Britain's top civil servant has fired a warning shot at Home Secretary Priti Patel over claims of poor treatment of staff.
Cabinet Secretary Sir Mark Sedwill said that officials must be confident that ministers would abide by their code of conduct.
And in a stinging rebuke he highlighted the “enduring” work of the civil service beyond the government of the day.
But Sir Mark also had tough words for staff – ordering an end to the media leaks which have rocked the Tory administration.
Ms Patel’s allies said she wanted a ‘witch-hunt’ into claims that she was not trusted by MI5 chiefs with key intelligence.
But last night No 10 said that no request for a formal leak inquiry into the “hostile briefings” had been made.
The Home Secretary’s relationship with her department’s top civil servant appeared to be on the verge of breakdown.
She had been accused of trying to get rid of Sir Philip Rutnam and bullying and belittling officials at the Home Office.
Yet Downing Street said that Boris Johnson had “full confidence” in Ms Patel’s ability.
It appeared less supportive of the Home Office mandarin, saying only that the PM had “full confidence in the civil service”.
The PM’s official spokesman dismissed as “baseless and wrong” claims that MI5 had withheld intelligence.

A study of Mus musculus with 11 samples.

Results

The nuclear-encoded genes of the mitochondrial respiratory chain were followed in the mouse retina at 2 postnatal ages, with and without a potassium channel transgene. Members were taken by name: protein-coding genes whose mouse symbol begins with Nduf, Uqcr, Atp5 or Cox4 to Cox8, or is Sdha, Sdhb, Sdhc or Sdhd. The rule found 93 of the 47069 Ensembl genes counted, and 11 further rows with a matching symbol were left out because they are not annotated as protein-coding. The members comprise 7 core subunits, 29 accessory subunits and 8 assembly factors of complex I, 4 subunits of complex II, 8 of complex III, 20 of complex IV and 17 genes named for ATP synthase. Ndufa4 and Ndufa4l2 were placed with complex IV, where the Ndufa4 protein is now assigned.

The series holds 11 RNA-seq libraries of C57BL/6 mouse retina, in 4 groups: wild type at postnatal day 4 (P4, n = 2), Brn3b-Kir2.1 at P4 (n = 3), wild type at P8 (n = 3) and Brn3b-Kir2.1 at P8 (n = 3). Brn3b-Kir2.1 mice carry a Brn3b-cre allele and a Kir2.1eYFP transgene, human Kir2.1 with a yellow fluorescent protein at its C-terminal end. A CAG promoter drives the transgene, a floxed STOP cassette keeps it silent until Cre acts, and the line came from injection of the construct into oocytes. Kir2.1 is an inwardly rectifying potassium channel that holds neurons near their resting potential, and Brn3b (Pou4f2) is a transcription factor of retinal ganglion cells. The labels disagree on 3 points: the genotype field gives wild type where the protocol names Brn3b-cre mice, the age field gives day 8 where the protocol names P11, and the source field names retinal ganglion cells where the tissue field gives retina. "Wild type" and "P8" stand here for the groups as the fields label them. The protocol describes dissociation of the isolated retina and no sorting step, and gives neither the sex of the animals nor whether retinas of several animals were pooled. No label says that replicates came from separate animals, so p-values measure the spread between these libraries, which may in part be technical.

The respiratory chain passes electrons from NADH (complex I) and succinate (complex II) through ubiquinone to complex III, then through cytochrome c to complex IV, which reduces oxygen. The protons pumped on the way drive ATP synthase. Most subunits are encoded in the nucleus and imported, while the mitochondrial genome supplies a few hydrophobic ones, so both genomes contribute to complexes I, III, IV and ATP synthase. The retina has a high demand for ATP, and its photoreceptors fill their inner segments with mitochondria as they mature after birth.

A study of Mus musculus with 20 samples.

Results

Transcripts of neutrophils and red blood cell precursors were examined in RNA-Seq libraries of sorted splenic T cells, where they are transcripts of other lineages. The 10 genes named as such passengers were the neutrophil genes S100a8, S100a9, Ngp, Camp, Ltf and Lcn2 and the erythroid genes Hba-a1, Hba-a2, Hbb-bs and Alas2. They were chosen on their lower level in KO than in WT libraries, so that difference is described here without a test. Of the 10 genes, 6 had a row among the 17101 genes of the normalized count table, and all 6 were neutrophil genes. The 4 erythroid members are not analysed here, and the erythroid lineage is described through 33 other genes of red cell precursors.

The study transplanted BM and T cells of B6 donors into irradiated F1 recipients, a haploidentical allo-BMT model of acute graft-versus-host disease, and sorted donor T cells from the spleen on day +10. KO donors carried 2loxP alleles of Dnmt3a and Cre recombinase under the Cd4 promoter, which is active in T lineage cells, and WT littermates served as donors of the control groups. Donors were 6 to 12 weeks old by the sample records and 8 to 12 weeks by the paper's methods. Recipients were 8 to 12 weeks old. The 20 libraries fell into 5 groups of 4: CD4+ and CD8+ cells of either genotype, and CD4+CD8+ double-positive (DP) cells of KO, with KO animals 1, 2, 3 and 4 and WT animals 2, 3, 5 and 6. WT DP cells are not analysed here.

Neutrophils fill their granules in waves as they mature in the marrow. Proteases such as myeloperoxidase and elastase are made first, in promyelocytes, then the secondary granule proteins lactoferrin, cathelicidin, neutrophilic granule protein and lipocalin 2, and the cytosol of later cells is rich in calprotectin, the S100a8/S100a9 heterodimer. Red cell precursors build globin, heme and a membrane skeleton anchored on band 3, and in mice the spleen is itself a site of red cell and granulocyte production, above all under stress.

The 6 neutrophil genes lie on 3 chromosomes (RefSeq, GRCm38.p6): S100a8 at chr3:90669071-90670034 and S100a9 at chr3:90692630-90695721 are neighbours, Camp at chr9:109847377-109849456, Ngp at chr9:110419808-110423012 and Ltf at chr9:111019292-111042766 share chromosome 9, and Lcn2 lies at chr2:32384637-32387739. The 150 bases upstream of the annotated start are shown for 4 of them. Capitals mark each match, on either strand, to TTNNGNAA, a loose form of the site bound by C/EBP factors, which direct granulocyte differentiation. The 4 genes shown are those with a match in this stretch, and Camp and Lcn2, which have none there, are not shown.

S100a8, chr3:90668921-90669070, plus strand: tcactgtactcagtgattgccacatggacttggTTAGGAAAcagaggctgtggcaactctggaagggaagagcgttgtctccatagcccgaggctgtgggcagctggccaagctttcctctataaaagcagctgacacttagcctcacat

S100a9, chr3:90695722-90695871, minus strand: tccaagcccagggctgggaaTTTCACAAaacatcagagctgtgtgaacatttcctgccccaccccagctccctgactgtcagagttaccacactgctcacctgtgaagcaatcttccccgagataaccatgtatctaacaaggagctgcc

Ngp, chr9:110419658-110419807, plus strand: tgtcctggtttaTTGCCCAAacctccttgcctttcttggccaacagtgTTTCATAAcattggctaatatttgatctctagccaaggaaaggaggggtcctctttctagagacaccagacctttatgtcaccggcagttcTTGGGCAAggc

In his email to Whitehall staff, Sir Mark said: “Civil servants should at all times be confident they can give the honest, impartial and objective advice on which ministers can rely.
“Both should be confident that this advice… will remain private and that everyone will at all times adhere to the high standards set out in the civil service, special adviser and ministerial codes.”
He also issued a warning over briefings to the media, saying it “besmirches this country’s hard-won reputation for good governance”.
The top civil servant at the International Aid department wrote to staff to reassure them the ministry has a “zero tolerance” of bullying and harassment in the wake of the reports about Ms Patel’s time running the department.
Ms Patel’s security minister admitted she was a “demanding” boss – but claimed reports she was a bully were “absolute nonsense”.
James Brokenshire also denied reports that the security services didn’t trust her.
“Yes, she is demanding, but in that role you have to be because you are dealing with some of the most sensitive, some of the most challenging things that you have to deal with across Government,” he said.
One ally said the Home Secretary was “absolutely livid” at the string of hostile briefings against her over the past week.
Ms Patel and Sir Philip fired off a heavyweight denial of a rift.